ROBERTS, Owen: Welsh Convert

ROBERTS, Owen: Welsh Convert

Owen Roberts was born on 21 June 1818 in Llandysilio, Anglesey, .  He was the son of John Roberts and Jane Jones.  Owen was a miner and he worked quarrying limestone in the village along with his father and brothers as this was the main industry in Llandysilio and Llandulas, Wales.

Owen was converted to the gospel of Jesus Christ from hearing , the famous Welsh missionary who converted many people.  Owen’s wife, Mary Martin, was the first to join the church as records indicate she was baptized in 1847 and Owen was baptized in 1850.  Their daughter, Jane Price Roberts was baptized in July 1856.

They set sail for America on 11 April 1859 on the ship “William Tapscott” sailing from Liverpool, England to New York.  Owen was age 37, Mary was 32 and their daughter, Jane, was 11.  Accompanying them on this voyage was Mary’s mother, Gwenllian Williams, who had been a widow for one year as her husband, Thomas Martin, had died on 8 July 1858 and so she is making the trip with them.  They sell most of their possessions in order to finance the trip.

ROBERTS, Owen: Welsh Convert
Passenger Ledger of the William
Tapscott

On Monday, the 11th day of April 1859 the ship “William Tapscott”, a triple-decked square-rigged ship, lifted anchor and was tugged out of the Mersey River into the open sea with 726 souls on board.  Elder Robert F. Neslen was appointed president of the company.

Elder Neslen writes that he felt it quite a task when he was appointed to take charge of a company composed of people from so many countries, speaking nine different languages and having different manners, customs, and peculiarities and thrown together under such close circumstances.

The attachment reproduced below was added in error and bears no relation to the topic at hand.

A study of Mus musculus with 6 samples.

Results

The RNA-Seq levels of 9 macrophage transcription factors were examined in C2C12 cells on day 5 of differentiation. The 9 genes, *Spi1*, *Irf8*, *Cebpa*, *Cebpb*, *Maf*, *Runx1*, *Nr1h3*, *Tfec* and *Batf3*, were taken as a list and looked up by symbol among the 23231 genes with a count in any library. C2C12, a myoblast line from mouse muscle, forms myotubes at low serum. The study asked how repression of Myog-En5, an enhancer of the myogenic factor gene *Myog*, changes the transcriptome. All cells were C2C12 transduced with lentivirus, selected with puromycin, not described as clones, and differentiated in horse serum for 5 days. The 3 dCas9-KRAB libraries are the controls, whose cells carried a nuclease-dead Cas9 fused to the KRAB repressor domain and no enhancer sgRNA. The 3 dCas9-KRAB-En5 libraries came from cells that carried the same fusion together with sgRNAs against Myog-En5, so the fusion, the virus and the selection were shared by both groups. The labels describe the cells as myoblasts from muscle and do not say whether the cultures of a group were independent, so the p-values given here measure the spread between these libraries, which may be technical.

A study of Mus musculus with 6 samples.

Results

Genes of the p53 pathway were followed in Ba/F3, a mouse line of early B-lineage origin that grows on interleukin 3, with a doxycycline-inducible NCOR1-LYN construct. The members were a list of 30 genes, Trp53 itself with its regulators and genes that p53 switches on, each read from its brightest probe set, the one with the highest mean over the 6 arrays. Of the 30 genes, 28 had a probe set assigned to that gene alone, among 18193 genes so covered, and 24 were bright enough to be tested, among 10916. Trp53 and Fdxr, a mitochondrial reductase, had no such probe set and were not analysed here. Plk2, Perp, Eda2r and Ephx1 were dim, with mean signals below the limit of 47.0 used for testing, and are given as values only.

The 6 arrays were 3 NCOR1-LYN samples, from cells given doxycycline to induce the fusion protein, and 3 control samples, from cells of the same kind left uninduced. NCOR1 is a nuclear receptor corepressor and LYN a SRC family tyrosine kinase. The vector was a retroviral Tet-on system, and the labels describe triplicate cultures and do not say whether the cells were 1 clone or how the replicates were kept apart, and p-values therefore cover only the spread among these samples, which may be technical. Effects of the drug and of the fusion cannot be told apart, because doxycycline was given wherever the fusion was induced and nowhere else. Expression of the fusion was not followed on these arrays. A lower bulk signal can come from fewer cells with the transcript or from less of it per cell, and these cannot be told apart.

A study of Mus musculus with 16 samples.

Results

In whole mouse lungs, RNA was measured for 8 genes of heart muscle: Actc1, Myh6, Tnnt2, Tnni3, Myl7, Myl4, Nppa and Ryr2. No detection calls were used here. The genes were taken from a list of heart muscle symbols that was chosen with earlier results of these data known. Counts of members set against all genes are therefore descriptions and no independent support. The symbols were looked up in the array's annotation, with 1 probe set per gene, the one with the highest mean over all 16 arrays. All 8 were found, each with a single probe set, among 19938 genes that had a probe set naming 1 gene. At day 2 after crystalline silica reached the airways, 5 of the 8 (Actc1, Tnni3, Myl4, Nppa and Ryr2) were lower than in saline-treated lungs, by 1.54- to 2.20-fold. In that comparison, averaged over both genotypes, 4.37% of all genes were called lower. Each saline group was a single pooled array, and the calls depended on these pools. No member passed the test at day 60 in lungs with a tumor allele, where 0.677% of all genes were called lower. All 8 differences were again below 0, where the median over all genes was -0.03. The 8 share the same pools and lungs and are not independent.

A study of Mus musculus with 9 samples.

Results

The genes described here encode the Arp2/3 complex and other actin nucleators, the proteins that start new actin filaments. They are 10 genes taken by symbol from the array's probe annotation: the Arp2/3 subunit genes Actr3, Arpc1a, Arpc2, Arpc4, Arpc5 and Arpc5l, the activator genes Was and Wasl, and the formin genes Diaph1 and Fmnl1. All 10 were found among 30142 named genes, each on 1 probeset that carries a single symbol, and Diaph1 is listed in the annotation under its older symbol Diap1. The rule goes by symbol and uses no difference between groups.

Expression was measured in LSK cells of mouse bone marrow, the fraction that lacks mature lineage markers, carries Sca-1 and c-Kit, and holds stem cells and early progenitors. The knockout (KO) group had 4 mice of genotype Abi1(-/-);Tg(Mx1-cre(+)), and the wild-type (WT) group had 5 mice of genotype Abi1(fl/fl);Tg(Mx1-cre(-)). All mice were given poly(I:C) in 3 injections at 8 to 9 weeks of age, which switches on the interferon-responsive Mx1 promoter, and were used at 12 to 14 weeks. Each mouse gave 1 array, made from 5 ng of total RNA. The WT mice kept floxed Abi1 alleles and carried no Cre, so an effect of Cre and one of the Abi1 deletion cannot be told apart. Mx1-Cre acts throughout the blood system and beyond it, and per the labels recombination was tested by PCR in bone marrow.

Thirty-three days later they landed at Castle Garden, New York.  On Thursday, May 12th, they cast anchor in New York harbor at 7 p.m. and the next morning landed in Castle Garden.  They stayed there until Saturday, the 14th. In the afternoon Owen and his family started up the Hudson River on a steamboat to Albany, New York where they arrived on the 15th.  In the morning Owen and his family were transferred to the railway for Windsor, Canada where they arrived the next morning.  On Tuesday, the 17th, they left on the railroad for Chicago and arrived there the next morning where they changed cars again for Quincy, Illinois, and arrived there on the morning of the 19th.  A steamboat named “Pike” was then their conveyance on the Mississippi River to Hannibal, Missouri where they landed the same evening. On Friday, May 20th, they started on the railroad for St. Joseph,

Missouri where they arrived safely; from thence they proceeded on their way up the Missouri River on the steamboat “St. Mary”.  Here they were treated roughly by the crew and others.  They had nowhere to sleep or sit but were almost constantly compelled to stand on their feet night and day until May 26th when they landed on the banks of the Missouri River below Florence, Nebraska at which place they lodged for a while so they could fit up their teams and baggage to cross the plains to the Rocky Mountains.

Owen and his family were in the Neslen Company so they traveled in wagons pulled by oxen carrying all their earthly possessions.

They arrived in Salt Lake City on 15 September 1859 and camped in Emigration Square that first night.  They stayed in Salt Lake City for six months and in April 1960 headed north with 60 other families to a settlement on the Cub River or “Muddy River” as it was known.  (Now known as Franklin, Idaho) They built small cabins along the Cub River and commenced farming.  The families drew numbers to distribute town and farm lots.

A fort was laid out and logs were brought in to build cabins, facing inside and serving as walls of the fort.

Owen could speak English so he was able to converse with other settlers. Their long journey was over.  They had left Wales in April 1859 and now it is the Spring of 1960.

The years go by and the work is hard.  He is no longer engaged in mining but has become a farmer/laborer to support his family.  His daughter, Jane, has met a young man named Thomas Hull who lived a few cabins away.

They get married on 2 April 1864 in Franklin, Utah Territory.

Owen Roberts lives to be 80 years old and his wife, Mary, is 77 when she passes away.

Owen dies in 1898 and is buried in the Hillcrest Cemetery in Shelley, Idaho.  His wife, Mary Martin Roberts, dies in 1904 and is also buried in the Hillcrest Cemetery in Shelley, Idaho.